The Feds Just Sued to Block the AT&T–Time Warner Merger

Months of hype and speculation got a little more concrete on Monday when the US Justice Department sued telecom giant ATT to block its $85.4 billion play for cable powerhouse Time Warner, as the New York Times reports.

Populist Democrats have been talking the anti-monopoly talk, but on paper at least, this kind of mega-consolidation seemed like a sure bet to sail through. After all, Comcast bought NBCUniversal under the Obama administration even as concerns were raised about too much media power falling in too few hands. The same alarm bells are ringing far and wide over a company (Time Warner) that produces massively popular content like Game of Thrones living under the same roof as a major cell service provider. Even so, Republicans—a business-friendly party if ever there were one—dominate all three branches of government.

The only problem: Donald Trump is not your typical Republican.

“ATT is buying Time Warner, and thus CNN, a deal we will not approve in my administration because it’s too much concentration of power in the hands of too few,” the then candidate inveighed on the campaign trail in Pennsylvania during a furious final push for the presidency last October. Indeed, Makan Delrahim, the head of the Department of Justice’s antitrust division who said the merger seemed like no big deal last year, is now leading the charge to prevent it.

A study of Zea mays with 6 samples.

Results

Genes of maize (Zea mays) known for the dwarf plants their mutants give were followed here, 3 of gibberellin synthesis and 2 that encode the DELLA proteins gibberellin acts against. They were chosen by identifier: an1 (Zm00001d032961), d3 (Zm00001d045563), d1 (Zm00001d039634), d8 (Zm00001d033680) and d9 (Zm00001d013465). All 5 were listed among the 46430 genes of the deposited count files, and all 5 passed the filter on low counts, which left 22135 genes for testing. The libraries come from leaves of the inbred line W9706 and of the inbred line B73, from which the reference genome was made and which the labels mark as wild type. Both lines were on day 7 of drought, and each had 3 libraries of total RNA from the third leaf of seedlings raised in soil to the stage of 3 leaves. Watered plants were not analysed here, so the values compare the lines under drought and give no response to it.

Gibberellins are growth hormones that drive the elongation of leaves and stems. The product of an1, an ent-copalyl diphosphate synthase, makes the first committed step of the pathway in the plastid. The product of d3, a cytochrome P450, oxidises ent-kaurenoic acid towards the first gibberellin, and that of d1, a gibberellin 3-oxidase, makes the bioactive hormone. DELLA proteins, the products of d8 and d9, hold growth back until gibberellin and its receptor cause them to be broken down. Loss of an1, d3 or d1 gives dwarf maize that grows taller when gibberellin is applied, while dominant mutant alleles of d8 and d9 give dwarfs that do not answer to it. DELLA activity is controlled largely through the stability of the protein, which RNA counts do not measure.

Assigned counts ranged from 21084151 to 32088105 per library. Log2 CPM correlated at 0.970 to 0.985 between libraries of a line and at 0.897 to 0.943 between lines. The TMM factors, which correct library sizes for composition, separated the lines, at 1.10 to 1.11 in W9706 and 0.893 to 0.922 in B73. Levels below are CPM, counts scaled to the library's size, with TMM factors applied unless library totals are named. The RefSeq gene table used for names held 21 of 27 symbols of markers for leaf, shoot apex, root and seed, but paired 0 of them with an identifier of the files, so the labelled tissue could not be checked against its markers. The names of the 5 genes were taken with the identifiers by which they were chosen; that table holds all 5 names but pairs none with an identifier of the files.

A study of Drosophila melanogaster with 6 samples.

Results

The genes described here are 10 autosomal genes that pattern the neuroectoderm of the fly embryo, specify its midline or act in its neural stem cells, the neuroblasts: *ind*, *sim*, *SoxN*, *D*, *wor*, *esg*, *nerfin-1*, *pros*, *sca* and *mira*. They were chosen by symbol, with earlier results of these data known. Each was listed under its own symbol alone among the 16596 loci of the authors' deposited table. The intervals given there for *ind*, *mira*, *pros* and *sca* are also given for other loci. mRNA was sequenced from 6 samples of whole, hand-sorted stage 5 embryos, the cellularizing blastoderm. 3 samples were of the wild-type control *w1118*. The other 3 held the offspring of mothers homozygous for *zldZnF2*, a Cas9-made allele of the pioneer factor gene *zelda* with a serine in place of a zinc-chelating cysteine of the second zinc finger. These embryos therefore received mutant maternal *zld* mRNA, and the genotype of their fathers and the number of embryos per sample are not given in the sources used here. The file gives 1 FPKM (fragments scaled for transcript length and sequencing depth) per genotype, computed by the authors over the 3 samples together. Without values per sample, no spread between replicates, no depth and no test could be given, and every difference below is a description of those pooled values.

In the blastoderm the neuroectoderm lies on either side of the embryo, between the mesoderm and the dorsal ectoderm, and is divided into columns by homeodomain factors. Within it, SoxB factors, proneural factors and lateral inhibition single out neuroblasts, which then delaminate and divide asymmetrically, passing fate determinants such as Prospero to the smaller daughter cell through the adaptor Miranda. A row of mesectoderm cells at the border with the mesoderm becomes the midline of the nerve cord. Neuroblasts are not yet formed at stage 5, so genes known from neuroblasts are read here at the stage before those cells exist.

“This merger would greatly harm American consumers,” Delrahim said in a statement Monday. “It would mean higher monthly television bills and fewer of the new, emerging innovative options that consumers are beginning to enjoy.”

While buzz is rampant that this is about Trump getting revenge on CNN (owned by Time Warner) for covering his administration critically both before and since his stunning election win, there are decidedly less petty reasons to be opposed to this merger. As occasional VICE contributor and Open Markets Institute fellow Matt Stoller wrote for the Washington Post earlier this month:

The business model of a combined ATT Time Warner is rife with conflicts of interest. ATT’s direct control over essential news and entertainment would give that corporation a permanent pricing advantage over rival cable networks. Similarly, ATT would have a natural interest in favoring its own channels on its cable, satellite, and mobile video distribution networks, over other networks.

It’s too soon to know how much—if any—influence the White House had on this ostensibly apolitical Justice Department decision. We may find out soon, as ATT has vowed to fight for its new toy.

“Today’s DOJ lawsuit is a radical and inexplicable departure from decades of antitrust precedent,” the corporation’s general counsel, David McAtee, said in a statement. “We are confident that the court will reject the government’s claims and permit this merger under longstanding legal precedent.”